The UK’s Intellectual Property Office has published a video which urges advertisers to boycott ‘pirate’ sites. The video claims that since torrent and similar sites facilitate “fraud, organized crime, and even terrorism”, advertisers should liaise with the Police Intellectual Property Crime Unit to gain access to a special advertising blacklist.
Underlying a multitude of strategies designed to limit traffic to pirate sites, there is a strong belief among copyright holders that operators only keep their sites online due to how profitable they are.
Since most portals don’t make their motivations public it’s unclear as to how many sites this applies. However, it can’t be denied that the largest sites are pulling in decent revenues via advertising so with this in mind there is an ongoing and concerted effort by authorities to “Follow the Money.”
Part of this strategy is ensuring that major brands and smaller companies refrain from placing their advertising on infringing sites. In addition to funding the sites in question, copyright holders insist that having “household name” branding appearing alongside pirate content suggests that sites are not only legitimate but somehow endorsed by their advertisers.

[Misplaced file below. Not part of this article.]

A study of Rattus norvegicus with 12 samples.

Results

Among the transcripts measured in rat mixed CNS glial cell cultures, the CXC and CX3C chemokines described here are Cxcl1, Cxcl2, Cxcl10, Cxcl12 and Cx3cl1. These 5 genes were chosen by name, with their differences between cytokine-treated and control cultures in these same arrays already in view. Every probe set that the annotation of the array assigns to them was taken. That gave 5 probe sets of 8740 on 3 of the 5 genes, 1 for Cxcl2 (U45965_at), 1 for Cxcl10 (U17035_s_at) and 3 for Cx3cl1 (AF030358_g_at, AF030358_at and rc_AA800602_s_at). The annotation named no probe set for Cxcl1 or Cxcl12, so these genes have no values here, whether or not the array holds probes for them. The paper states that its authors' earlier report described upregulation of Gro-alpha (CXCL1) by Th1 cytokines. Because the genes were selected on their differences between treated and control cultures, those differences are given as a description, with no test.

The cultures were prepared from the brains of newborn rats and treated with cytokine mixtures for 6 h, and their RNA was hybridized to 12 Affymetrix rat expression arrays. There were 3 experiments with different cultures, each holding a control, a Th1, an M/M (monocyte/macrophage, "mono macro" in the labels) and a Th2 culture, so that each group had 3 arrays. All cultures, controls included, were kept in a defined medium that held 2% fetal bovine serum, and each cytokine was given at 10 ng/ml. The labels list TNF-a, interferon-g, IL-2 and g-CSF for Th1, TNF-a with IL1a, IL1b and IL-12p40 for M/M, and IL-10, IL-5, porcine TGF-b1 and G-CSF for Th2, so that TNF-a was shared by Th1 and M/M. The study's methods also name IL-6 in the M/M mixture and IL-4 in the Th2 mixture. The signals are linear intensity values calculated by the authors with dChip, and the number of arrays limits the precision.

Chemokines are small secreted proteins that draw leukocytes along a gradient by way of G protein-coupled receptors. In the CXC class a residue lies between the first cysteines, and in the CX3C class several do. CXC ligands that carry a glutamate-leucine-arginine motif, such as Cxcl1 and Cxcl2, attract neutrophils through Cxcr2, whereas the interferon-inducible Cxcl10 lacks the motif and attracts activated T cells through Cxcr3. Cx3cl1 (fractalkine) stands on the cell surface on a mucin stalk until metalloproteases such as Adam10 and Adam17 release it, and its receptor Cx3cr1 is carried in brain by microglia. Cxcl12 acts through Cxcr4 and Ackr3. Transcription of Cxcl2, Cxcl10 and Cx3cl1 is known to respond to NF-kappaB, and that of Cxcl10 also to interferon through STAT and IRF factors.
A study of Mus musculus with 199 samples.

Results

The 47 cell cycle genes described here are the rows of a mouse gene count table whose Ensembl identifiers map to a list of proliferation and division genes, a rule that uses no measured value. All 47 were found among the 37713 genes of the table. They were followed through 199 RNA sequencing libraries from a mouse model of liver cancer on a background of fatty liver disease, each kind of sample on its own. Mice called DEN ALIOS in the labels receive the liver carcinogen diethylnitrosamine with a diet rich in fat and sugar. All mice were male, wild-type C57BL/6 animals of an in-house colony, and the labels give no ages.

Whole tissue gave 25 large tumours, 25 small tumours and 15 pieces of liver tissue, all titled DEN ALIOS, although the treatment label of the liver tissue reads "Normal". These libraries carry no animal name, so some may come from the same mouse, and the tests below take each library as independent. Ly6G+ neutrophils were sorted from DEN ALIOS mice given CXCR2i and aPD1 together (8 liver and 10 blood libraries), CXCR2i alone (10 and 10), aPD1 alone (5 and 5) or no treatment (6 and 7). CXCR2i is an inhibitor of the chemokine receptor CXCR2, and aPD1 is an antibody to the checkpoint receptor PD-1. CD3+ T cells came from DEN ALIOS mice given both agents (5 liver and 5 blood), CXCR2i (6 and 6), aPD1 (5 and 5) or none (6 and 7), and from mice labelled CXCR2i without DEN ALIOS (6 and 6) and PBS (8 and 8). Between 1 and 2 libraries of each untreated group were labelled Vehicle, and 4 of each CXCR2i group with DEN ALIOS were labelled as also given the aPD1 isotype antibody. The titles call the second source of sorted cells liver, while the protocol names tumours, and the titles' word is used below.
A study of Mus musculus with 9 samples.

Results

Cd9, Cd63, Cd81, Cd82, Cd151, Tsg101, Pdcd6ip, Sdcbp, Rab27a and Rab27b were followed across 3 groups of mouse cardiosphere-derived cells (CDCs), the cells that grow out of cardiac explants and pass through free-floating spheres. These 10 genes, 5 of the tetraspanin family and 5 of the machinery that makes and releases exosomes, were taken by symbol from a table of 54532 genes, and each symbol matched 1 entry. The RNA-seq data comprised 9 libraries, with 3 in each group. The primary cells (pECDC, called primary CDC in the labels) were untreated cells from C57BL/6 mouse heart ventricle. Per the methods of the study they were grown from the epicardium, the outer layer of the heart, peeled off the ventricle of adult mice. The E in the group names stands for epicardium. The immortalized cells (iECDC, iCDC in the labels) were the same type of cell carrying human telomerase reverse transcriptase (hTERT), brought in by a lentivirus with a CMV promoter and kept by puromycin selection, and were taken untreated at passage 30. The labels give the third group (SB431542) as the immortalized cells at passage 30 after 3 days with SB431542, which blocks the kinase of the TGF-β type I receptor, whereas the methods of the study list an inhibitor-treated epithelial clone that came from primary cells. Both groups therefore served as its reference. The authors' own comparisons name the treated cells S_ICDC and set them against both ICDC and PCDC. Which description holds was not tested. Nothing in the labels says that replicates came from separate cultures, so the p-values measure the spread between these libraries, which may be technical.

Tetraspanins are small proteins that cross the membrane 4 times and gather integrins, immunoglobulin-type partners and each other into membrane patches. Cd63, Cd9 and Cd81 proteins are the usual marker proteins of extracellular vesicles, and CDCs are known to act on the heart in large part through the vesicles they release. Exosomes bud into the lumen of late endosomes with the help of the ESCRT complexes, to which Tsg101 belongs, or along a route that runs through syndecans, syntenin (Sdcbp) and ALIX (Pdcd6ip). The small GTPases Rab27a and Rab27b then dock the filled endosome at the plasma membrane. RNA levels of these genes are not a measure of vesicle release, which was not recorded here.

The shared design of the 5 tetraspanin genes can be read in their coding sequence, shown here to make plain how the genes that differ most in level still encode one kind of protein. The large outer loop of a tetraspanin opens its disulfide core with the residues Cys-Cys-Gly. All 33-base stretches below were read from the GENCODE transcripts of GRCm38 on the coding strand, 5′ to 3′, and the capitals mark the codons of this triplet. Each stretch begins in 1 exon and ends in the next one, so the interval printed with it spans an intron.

While the US has its own initiatives underway, the UK’s Police Intellectual Property Crime Unit (PIPCU) maintains the Infringing Website List (IWL), a database of sites that police and copyright holders have deemed to breach copyright law.
PIPCU earlier claimed to have placed warning ads on these domains to deter would-be downloaders and is now receiving help from the government to reach more advertisers.
In a new video published by the Intellectual Property Office (IPO), the Internet is described as the most powerful communication tool ever invented, noting that by 2020 the total Internet advertising spend will outstrip that of TV. But while reaching billions of consumers has its benefits, the IPO says that advertisers need to be aware of the problems being caused by IP crime.
Starting with an image of a presumably unlicensed pharmaceutical site, the video quickly moves on to the world of torrents, with an image of a fake website called “Super Torrent”.